Heroin and opiate abuse is seeping throughout our community into our schools, our jobs and our homes. If you don't know someone affected by heroin, chances are you will someday. Heroin kills more people in the Fargo area than homicides. In 2017, the Fargo Police Department investigated 40 calls for service related to opioid overdoses and, of those, 10 resulted in a death.
Heroin and opiates destroy the lives of the users, their families and our community. It affects us all, rich or poor, white collar or blue. Young and old. Men and women. Heroin and opiates don’t discriminate and knows no bounds. As a community, we have to work together towards one goal: to end the opiate and heroin epidemic.
Know the signs
Knowing the drug abuse could save a life. It could be the first step in getting someone the care they need.
Addicts will never be far from their drugs because they need immediate and direct access to their drugs. You don't need to be looking for the drugs themselves, but more, the signs of drug use. These signs are all around us. Overtime, innocent or common actions transform into a bigger picture. Many times the most ordinary items, when combined with other seemingly harmless signs can indicate a need for intervention.
Search in cars, waste baskets, backpacks, books, personal accessories. Look inside stuffed animals or toys that may be used to store a drug kit.
Signs of overdose
An overdose can be life-threatening and requires immediate emergency care. Opioid overdose is a medical emergency. Providing breaths is the most important thing you can do until emergency personnel arrive.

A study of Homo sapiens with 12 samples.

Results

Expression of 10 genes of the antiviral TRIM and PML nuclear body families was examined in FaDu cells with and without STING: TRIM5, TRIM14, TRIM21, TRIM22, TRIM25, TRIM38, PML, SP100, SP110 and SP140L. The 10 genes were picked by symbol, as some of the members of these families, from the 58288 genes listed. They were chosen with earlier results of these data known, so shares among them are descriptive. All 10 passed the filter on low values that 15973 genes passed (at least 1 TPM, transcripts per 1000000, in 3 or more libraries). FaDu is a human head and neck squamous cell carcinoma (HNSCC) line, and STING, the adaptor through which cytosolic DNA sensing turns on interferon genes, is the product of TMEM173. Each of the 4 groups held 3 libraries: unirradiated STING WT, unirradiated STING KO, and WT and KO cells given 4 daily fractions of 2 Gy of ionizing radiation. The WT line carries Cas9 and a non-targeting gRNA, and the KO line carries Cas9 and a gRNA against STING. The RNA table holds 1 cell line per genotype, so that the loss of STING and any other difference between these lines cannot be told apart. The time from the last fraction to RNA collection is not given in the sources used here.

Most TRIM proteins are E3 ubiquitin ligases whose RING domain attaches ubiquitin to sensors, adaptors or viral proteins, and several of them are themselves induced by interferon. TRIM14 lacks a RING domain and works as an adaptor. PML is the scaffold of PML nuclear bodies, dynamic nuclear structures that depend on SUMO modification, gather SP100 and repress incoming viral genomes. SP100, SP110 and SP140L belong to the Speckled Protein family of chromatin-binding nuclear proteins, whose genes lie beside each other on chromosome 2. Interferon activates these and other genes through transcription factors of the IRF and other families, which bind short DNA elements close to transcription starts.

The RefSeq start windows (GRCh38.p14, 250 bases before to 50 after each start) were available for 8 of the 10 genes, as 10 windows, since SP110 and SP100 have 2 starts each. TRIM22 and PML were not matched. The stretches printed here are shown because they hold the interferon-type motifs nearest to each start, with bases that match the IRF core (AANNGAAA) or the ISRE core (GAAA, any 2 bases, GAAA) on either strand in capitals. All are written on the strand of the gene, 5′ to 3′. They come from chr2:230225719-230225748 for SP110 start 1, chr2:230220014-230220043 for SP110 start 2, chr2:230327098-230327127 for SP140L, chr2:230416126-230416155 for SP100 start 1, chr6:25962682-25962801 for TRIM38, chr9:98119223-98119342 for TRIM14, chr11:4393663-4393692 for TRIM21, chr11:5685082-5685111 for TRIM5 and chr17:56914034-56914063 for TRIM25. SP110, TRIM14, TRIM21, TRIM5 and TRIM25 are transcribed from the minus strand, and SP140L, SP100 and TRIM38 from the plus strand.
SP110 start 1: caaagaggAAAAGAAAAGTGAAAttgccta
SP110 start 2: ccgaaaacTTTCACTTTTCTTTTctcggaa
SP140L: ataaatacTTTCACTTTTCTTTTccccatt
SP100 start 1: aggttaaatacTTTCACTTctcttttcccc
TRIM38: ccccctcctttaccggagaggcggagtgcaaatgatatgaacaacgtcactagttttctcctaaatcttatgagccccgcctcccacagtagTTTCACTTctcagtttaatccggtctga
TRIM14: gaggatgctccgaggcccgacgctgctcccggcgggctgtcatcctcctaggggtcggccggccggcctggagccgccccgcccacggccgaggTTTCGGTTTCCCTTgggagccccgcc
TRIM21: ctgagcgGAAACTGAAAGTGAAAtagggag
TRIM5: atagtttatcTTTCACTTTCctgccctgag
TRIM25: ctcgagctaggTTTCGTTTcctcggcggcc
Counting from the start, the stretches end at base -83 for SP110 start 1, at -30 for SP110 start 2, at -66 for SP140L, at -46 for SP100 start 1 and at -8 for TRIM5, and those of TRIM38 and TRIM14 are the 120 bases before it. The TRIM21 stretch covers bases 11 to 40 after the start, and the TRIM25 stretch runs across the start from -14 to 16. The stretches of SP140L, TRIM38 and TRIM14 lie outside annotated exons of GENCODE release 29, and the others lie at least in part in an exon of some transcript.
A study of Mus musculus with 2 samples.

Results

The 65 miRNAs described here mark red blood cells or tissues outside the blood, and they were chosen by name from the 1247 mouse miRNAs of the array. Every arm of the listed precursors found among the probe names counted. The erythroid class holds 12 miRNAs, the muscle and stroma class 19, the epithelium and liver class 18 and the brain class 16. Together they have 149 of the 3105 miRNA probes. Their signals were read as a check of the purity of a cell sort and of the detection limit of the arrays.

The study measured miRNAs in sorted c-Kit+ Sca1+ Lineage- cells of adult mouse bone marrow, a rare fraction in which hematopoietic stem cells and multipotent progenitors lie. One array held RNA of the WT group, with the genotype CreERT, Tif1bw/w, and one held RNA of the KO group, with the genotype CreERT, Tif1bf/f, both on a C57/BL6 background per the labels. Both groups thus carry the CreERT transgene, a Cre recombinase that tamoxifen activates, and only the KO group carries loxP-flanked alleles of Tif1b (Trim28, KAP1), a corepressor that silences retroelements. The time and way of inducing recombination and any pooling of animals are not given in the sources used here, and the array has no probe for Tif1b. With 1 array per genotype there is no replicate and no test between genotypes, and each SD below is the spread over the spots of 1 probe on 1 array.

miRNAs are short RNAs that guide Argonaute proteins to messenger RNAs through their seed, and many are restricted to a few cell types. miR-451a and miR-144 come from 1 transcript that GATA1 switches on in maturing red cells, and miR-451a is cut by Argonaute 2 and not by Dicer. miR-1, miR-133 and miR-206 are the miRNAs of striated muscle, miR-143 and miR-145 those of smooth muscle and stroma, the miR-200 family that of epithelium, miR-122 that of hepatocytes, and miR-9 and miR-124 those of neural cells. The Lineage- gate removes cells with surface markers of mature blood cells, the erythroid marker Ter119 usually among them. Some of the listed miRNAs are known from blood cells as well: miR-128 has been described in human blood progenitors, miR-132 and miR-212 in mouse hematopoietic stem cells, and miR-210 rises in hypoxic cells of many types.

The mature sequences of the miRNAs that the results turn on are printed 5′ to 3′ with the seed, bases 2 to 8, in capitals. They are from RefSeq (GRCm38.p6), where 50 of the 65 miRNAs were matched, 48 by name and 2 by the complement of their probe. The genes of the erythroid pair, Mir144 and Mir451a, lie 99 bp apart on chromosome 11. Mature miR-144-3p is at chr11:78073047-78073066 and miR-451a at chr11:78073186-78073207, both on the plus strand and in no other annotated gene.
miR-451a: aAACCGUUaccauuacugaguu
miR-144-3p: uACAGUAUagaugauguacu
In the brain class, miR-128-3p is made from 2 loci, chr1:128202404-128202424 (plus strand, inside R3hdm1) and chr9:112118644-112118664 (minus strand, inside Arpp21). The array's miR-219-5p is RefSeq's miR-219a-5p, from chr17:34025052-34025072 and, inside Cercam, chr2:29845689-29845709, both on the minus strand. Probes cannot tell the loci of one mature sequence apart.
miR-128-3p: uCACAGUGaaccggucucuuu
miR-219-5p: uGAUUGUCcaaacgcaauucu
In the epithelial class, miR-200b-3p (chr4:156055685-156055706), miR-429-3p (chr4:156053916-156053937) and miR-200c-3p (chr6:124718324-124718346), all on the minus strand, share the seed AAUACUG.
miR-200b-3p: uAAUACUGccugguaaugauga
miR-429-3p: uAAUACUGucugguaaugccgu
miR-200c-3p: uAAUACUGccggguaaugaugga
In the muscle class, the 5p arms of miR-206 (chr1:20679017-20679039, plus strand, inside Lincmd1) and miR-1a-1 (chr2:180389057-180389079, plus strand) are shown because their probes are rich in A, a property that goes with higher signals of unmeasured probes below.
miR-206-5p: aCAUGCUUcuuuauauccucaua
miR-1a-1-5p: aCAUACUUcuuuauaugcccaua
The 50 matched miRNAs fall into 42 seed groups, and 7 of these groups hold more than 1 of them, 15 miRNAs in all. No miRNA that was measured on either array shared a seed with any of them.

If you suspect a heroin overdose CALL 911 IMMEDIATELY
- Chocking or gurgling sound
- Ashen or blue skin and/or fingernails
- Weak or no pulse
- White patches on tongue
- Awake but not able to talk
- Shallow breathing
- Loss of consciousness
There are several steps in the treatment and recovery of heroin and opiate addiction. The first step is admitting you have a problem and getting help. Please use this non-exhaustive list of resources in our community to get yourself or someone you know or love get help. Learn about local resources to assist you or a loved one to a path of recovery.
- Substance Use Disorder Voucher supports eligible individuals in their personal recovery by reducing financial barriers in accessing substance use disorder treatment and recovery services.
- South East Human Service Center Open Access is an opportunity for your to initiate mental health and substance use services without scheduling an appointment. During the designated times, services are provided based on your level of need.
- Medication-Assisted Opioid Treatment Programs
- Buprenorphine Treatment Practitioners in ND
- Behavioral Health Treatment Services in ND
- ND Cares Providers
The North Dakota Cares coalition (ND Cares) began in May of 2013 after a team from North Dakota attended an academy hosted by the Substance Abuse and Mental Health Services Administration (SAMHSA). In January 2015, Governor Jack Dalrymple formalized the coalition under Executive Order 2015-01. ND Cares is not a provider of services; rather it is dedicated to improving understanding of the needs and services required by our heroes who should be able to access them close to home.
Overdose Prevention and Immunity Law
The North Dakota overdose prevention and immunity law protects individuals from criminal prosecution if they contact law enforcement or emergency medical services to report they or another individual is in need of emergency medical assistance due to a drug overdose. To receive immunity under this statute, the individual receiving immunity must have:
- Remained on scene until assistance arrived;
- Cooperated with emergency medical services in the medical treatment of the reported drug overdosed individual. For example telling emergency personnel what drug or drugs were taken, how much, and when;
- And the overdosed individual must have been in need of emergency medical services.
If these criteria are met, the statue grants individuals immunity from prosecution for possession, ingestion, or sharing of a controlled substance or possession of drug paraphernalia that occurred at the scene where the overdose occurred. The law does not provide immunity for delivery, manufacturing, or distribution of a controlled substance.